Valuations

Corporate & Business Valuations

There are many reasons why a business valuation is performed. Some of the more common reasons that we have seen are for mergers and acquisitions, business sale or purchase, matrimonial dissolution, and business disputes.

Every business is unique to its particular industry, the experience of the management team, the operational setup, financial history and more. Hence the complexity of valuation will vary accordingly; there are no two same valuations.

A business valuation is generally performed to provide a fair market value on a business or entity. It can help in the negotiation of a business purchase and sale, secure credit loan, settle a legal dispute, fulfil taxation purposes, or even for management’s internal use. It gives all parties involved a detailed understanding of the worth of a business, which ultimately assists in strategic decision making.


Identify the valuation purpose, scope, parameter & requirements

Gather relevant documents & information from client, and through external sources

Determine valuation approach, methods, inputs, assumptions, & other parameters

Conduct valuation and compile findings into detailed report for explanation to client

Frequently Asked Questions

What is Fair Market Value?

By definition, fair market value is the price (or highest price) at which a property (business) would change hands between a hypothetical willing and able buyer and a hypothetical willing and able seller, acting at arms-length in an open and unrestricted market, when neither is under compulsion to buy or sell and when both have reasonable knowledge of the relevant facts.

02
What are Standards of value?

The appropriate standard of value must be identified in every valuation assignment in order to arrive at the correct conclusion. The four standards of value generally accepted in the business valuation community are Fair market value, Fair value, Investment value and Intrinsic value.

If you are unsure, our specialists will guide you to determine the appropriate value to be used.

03
What valuation standards are there to abide by?

There are several international valuation standards in place. We practise valuation according to the International Valuation Standards Council (IVSC), which is the standard adopted by the Institute of Valuers and Appraisers, Singapore.

04
How are you going to value my company?

Every business is unique; there is no definitive way to immediately prescribe a certain method. There are three main valuation approaches that are used to value businesses.

They are the income approach, market approach and cost approach. It is important that the valuer considers all approaches and chooses the most appropriate one for a respective business. There are cases where multiple approaches are required to be used, to provide a fair estimation of value.

05
What is the income approach and when is it best to use it?

In brief definitions, the income approach in valuation values a company based on the amount of income the company is expected to generate in the future. It looks at the future cash flows that could be generated by the company, it analyses the risk of realizing those cash flows and then discounts those back to come up with a present value of the company. There are two income-based approaches that are primarily used when valuing a business, the Capitalization of Cash Flow Method and the Discounted Cash Flow Method.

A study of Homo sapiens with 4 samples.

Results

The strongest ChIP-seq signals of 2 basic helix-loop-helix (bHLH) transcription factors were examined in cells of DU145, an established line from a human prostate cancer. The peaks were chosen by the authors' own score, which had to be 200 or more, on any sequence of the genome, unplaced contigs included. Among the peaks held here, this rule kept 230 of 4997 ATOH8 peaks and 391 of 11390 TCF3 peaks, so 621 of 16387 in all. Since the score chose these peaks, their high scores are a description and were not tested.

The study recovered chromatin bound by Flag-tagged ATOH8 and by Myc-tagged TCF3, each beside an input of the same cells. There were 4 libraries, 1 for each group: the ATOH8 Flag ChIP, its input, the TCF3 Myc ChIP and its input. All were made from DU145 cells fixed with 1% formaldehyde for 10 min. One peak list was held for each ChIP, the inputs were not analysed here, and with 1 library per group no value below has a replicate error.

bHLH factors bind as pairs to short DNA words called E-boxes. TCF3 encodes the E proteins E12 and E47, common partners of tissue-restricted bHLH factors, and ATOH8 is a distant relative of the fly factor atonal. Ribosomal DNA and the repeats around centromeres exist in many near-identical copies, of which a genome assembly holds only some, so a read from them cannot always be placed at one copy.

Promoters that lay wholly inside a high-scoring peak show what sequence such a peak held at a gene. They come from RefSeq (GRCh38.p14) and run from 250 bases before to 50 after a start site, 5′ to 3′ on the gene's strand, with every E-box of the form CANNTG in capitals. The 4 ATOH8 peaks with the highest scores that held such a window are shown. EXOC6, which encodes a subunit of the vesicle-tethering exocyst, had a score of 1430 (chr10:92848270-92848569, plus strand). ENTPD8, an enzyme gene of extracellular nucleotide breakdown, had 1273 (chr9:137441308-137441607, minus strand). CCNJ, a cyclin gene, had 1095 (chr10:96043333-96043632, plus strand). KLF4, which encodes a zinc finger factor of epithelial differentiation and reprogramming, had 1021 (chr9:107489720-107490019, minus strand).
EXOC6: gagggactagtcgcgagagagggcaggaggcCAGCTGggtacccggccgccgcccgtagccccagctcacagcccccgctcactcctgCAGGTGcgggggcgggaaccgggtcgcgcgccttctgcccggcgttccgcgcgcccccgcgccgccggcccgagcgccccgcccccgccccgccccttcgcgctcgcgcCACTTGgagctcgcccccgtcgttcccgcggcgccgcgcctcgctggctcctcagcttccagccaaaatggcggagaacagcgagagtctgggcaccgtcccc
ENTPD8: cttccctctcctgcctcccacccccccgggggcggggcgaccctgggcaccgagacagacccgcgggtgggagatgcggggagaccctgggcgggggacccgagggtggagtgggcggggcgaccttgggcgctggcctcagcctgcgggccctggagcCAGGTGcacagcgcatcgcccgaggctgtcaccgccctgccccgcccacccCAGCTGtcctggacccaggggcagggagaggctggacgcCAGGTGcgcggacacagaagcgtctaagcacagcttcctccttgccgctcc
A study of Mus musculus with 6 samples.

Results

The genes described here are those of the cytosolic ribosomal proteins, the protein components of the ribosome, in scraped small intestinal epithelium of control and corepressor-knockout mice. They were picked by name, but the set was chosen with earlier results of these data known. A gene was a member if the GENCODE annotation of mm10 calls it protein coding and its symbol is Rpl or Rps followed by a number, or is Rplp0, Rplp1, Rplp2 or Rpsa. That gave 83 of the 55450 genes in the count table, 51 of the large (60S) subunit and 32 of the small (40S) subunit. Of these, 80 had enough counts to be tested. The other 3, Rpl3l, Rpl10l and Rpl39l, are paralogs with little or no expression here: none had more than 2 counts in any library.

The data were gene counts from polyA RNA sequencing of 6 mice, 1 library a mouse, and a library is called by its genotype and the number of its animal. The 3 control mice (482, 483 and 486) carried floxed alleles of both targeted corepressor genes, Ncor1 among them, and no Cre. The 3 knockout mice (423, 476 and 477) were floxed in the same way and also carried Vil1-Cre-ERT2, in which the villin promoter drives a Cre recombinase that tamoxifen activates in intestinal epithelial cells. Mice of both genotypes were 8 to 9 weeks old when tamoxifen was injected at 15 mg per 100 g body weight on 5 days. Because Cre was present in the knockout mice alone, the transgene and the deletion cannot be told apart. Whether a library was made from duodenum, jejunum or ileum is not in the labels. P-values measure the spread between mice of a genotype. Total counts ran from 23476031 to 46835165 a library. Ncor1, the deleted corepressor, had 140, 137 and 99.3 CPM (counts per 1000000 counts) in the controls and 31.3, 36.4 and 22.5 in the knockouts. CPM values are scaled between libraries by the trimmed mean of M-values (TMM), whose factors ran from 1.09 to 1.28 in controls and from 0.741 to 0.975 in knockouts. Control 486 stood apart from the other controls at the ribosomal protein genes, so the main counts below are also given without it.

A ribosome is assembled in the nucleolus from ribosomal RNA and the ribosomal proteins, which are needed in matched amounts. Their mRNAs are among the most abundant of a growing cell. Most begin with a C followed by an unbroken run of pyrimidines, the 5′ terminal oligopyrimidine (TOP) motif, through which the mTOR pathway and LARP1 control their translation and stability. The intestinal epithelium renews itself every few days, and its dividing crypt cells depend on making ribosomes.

The income approach is best used when future cash flow forecasts can be reliably estimated. Certain key input such as capital expenditure and net working capital information is required, hence the income approach is advised to be used if they can be estimated with a reasonable degree of confidence.

06
What is the market approach and when is it best to use it?

The market approach values a company value by considering the market prices of comparable companies that have been sold recently or are still active in the market. Apart from looking at transacted prices alone, the value of a business can also be measured via a comparison of the features of the subject of valuation with those of reasonably comparable businesses such as financial ratios (multiples) like price to earning and EV/EBITDA.

The market approach is best used when the subject company has an identifiable earnings trend and the capability to generate earnings that can warrant a higher value as compared to that of its underlying net tangible assets.

07
What is the cost approach and when is it best to use it?

The cost approach values a business from a balance sheet perspective by simply netting the assets of the company on the balance sheet against the liabilities on the balance sheet, then adjust them accordingly.

The methods are often referred to as asset accumulation method, net asset value, adjusted net asset, adjusted book value or asset build up method. This method is used for asset-intensive businesses such as investment holdings and real estate companies.

08
What are some discounts to take note of when valuing companies?

In a valuation of ownership in a private company, there is the concept of discounts. If the purpose for valuation is to determine shareholder interest in a company, the valuer may need to consider discounts such as minority discounts, blockage discounts, key person discounts, shareholder level discounts and so on.